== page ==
Middle Ages Medicine to treat the Black Death
The Black Death held a massive mortality rate of between 30 and 40%. Victims had no idea what had caused the disease. And neither did the doctors in the Middle Ages. The Black Death was treated by lancing the buboes and applying a warm poultice of butter, onion and garlic. Various other remedies were tried including arsenic, lily root and even dried toad. During a later outbreak of this terrible plague, during the Elizabethan era, substances such as tobacco brought from the New World were also used in experiments to treat the disease.
MedievalMedicine to treat Headache and Aching joints
Head Pains were treated with sweet-smelling herbs such as rose, lavender, sage, and bay. A mixture of henbane and hemlock were applied to aching joints. Coriander was used to reduce a fever.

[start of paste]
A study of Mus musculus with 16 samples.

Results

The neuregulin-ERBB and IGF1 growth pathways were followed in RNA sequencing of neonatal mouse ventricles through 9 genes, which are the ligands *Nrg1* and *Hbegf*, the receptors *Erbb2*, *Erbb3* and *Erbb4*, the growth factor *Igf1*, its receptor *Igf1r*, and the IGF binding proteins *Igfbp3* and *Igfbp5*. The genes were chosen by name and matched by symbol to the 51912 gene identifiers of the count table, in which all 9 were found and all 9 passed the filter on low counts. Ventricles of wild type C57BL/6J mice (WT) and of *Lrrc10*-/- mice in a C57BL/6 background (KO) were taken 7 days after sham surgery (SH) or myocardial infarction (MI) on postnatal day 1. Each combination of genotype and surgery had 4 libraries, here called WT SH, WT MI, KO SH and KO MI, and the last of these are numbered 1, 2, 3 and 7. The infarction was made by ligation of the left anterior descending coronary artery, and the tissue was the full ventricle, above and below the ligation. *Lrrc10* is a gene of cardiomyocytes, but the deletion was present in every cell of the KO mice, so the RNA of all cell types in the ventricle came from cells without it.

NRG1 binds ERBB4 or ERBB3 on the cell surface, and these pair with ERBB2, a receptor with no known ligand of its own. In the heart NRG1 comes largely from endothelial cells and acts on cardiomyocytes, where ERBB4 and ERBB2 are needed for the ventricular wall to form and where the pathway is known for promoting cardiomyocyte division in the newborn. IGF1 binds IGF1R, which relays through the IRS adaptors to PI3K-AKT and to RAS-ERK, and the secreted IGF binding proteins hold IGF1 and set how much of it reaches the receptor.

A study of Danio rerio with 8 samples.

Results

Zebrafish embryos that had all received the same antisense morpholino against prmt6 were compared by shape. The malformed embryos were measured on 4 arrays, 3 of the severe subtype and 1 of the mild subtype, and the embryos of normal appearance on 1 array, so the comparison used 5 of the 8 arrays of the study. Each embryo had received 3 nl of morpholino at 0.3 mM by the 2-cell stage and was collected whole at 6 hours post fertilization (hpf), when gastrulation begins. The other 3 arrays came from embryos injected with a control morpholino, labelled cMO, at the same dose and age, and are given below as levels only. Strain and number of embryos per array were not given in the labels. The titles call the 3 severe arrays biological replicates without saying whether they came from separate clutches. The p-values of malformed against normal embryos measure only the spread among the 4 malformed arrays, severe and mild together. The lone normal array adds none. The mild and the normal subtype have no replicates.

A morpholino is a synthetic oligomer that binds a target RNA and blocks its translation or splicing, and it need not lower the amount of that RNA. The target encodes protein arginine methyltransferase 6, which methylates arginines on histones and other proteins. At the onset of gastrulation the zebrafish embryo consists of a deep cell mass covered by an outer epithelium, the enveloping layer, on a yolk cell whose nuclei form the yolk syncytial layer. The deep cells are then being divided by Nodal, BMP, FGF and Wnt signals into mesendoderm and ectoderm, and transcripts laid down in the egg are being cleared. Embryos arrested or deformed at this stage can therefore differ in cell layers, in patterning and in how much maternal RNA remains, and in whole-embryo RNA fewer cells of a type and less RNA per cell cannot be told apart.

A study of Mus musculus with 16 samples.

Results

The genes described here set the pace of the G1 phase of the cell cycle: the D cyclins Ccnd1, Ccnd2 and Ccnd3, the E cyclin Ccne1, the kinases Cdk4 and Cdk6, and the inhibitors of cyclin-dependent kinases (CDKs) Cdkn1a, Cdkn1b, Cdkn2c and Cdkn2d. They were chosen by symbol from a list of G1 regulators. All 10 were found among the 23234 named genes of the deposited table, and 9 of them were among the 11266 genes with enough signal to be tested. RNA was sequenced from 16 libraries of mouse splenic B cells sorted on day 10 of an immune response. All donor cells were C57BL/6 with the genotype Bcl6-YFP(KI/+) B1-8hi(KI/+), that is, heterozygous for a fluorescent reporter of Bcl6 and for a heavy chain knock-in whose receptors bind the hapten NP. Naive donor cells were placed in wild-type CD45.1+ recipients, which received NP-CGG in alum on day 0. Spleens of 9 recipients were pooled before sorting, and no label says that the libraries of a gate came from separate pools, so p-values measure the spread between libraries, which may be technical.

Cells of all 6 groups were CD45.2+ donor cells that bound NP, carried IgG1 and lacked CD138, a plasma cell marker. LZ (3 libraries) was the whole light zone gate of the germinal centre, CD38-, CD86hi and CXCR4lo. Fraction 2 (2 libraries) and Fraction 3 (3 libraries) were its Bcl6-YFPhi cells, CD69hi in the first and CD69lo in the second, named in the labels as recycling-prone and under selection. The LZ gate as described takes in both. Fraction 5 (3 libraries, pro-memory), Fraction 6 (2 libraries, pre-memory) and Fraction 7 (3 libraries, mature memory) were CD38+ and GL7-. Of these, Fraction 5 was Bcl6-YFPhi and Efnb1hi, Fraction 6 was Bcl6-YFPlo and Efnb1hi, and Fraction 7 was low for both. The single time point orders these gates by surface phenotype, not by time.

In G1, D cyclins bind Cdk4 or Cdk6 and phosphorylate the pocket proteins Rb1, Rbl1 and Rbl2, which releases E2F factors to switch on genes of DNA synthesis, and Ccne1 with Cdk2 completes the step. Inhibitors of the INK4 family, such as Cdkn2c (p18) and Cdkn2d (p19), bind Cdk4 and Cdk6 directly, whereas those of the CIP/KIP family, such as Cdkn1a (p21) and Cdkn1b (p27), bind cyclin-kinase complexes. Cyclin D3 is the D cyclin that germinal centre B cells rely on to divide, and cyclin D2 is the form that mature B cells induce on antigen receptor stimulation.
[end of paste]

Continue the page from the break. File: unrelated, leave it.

Middle Ages Medicine to treat Stomach Pains and Sickness
Stomach pains and sickness were treated with wormwood, mint, and balm.
Middle Ages Medicine to treat Lung Problems
Lung problems were given the medical treatment of a medicine made of liquorice and comfrey. Horehound cough syrups and drinks were prescribed for chesty and head-colds and coughs.
Middle Ages Medicine to treat Wounds
Wounds were cleaned and vinegar was widely used as a cleansing agent as it was believed that it would kill disease. Mint was also used in treating venom and wounds. Myrrh was used as an antiseptic on wounds. Yarrow, or Achillea was used to treat headaches and wounds, especially battle wounds.